Monday, March 11, 2013

Tatters of the King Conversion Overview

Naturally, this article contains spoilers about the Tatters of the King campaign.

Tatters of the King is a Call of Cthulhu campaign set in the 1920s that follows a group of investigators as they try to untangle a cult that worships the King in Yellow.  It's a high investigation campaign with relatively low levels of violent action and it leads the investigators around England and across Europe into Tibet.

You can read the blurb of this campaign below:

It is October 1928.  London is the capital of an empire covering a quarter of the globe and governing one quarter of the human race.  The people busy themselves with concerns of politics and government, finance and production, work and recreation.  How fragile things are.  What ignorance there is.

There are those who engage in different pursuits - who would see an inhuman power come to Earth such that it would make mundane activity seem like a last twitch before dying.

Over this winter its taint emerges: the sensitive and the weak feel it first.  Few know the source, but some welcome it unconsciously - finding in it an unexamined thrill.  Artists' work is strangely influenced, and they mine this vein of creativity.  Many exhibitions this season feature similar images: a social gathering gripped by repressed panic; a lake or marsh cloaked in mist; a presence just off-canvas.  New fiction and theatrical releases offer scenes of upheaval and confusion that never reach a climax.  Seances and mediumistic exhibitions bring untoward results and end in disruption.  Others feel new lines of communication opening; some claim God is talking to them.

All feel the lure of the stars.

So there'll naturally be a few changes to make it fit into the James Tyler campaign I've been running thus far.  The location is fine as I've given the vampire cause to leave America and the resources (namely a doppelganger called Peter Walsh to play his daytime persona on the cruise) to do so.  I've given him a reason to attend the play at the beginning (an invitation by his Daeva Aunty, Joy Tyler) and a reason to go visit Alexander Roby (Joy Tyler is an eminent psychologist that Dr. Highsmith respects despite her gender).  Still, there's had to be a few changes.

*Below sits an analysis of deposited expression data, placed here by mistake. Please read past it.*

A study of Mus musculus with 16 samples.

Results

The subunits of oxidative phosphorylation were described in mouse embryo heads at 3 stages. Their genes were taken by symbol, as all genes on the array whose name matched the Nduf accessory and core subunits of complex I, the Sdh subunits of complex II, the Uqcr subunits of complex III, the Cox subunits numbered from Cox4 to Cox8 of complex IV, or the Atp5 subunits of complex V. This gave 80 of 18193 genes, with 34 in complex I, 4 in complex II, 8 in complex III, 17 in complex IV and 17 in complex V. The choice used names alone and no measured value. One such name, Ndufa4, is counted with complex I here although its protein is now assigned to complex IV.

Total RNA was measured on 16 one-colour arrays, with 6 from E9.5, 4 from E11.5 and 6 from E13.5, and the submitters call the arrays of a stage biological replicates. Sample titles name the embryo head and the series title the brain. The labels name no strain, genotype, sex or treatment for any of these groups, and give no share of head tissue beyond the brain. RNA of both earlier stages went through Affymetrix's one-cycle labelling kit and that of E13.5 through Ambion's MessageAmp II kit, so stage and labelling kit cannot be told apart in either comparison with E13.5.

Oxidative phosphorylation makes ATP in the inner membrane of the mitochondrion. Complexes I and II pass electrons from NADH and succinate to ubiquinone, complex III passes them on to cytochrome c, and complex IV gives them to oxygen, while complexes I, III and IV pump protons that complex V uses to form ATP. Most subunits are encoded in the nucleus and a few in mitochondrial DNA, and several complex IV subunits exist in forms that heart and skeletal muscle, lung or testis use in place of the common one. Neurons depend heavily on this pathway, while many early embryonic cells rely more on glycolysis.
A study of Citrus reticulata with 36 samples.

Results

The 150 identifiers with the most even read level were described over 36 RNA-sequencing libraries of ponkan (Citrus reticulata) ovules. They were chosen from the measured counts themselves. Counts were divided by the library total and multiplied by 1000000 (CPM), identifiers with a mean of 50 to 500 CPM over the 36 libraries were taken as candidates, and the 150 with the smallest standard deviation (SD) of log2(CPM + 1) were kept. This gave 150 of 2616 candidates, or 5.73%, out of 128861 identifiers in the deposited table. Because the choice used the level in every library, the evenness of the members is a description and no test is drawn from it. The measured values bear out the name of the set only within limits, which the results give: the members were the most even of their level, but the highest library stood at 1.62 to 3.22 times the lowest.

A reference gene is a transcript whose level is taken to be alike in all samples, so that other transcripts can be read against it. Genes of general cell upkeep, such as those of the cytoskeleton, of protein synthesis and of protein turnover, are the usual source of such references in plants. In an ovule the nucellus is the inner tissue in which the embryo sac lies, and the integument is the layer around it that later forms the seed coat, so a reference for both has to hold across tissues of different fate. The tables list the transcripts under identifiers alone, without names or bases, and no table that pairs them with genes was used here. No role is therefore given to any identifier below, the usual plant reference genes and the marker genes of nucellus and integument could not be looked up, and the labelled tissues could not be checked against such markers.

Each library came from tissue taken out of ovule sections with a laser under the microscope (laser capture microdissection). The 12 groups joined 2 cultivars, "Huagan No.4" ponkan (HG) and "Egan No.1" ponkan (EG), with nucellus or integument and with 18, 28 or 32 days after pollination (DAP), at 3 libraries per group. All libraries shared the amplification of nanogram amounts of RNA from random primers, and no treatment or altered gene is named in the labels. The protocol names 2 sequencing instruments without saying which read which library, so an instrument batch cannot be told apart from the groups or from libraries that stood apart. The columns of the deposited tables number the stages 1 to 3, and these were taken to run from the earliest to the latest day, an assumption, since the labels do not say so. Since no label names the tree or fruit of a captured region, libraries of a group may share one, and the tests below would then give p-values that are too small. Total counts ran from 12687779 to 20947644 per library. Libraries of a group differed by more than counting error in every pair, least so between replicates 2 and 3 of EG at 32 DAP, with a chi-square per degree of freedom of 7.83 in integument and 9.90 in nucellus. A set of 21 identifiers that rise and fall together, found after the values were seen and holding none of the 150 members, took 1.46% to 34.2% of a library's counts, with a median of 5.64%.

For one, it's the late Autumn of 1954.  This doesn't change very much, in truth, but it does encourage me to add little details about bomb damage and relatively recent architectural repairs due to the Blitz, the occasional weary or snide comment about Germany when that country comes up (which is rare), a higher frequency of paved roads which makes it easier to drive to the various towns themselves rather than being forced to take a train (which would generally be a death sentence for vampires).  Tuminardo may still be a fascist but he is no longer in a fascist city, Nepal's borders reopened in 1951, and there's an increase in telephones (they can call most people directly rather than leaving messages - one of the letters may well be changed into a phone call).  It will also change a few Famous Faces met in the campaign, of course, as they won't be able to meet Tolkien as a professor in the university. 

As it's World of Darkness, I can still include Aleister Crowley as as a Famous Face and bit player.  There are quite a few things in the World of Darkness that could extend his age.  He could be possessed by a Whisperer (little demon from Inferno that whispers in his ear and slowly corrodes his will).  Or perhaps he died from a respiratory infection he came back again as a Sin-Eater (a mutated ghost rests inside him and will keep him alive and dealing with ghosts until he reaches the end of his natural lifespan, which would likely be soon).  Or perhaps a vampire thought he'd be a lot of fun and he was Embraced (your choice of Clan or Covenant).  Even if you know nothing of World of Darkness, VOTE in the Comments box below for what you think would be the best bit of NWoD colour to keep him around.

The other changes I need to make involve integrating the Cthulhu mythos with the World of Darkness.  Now I could just adopt the Cthulhu mythos entirely.  After all, there are already non-Mythos occult creatures in Call of Cthulhu.  Still I want to steer clear of an actual cross over of the two worlds as it wouldn't create the kind of consistency in vibe that I'm going for.  I want to use Call of Cthulhu elements but I want to make sure that it's very much coming out of the World of Darkness.  So I decided to take a look at the different creatures, entities and places already existing in the World of Darkness and see if I could find some parallels.

The three main entities that work well with Tatters of the King are, to my mind, the True Fae, Abyssals, and the Earthbound from Demon: the Fallen (Demon is from old World of Darkness, but oh well, I like it).  There will be a number of entities and locations I need to convert within the campaign.  You may not agree with all of my choices but I hope you find it interesting and thought-provoking.  I don't have space in this article to go into all such conversions but there will be articles upcoming on Hastur, the King in Yellow, Carcosa, and much much more.

I hope you enjoy it.

You can find more articles on this topic over here.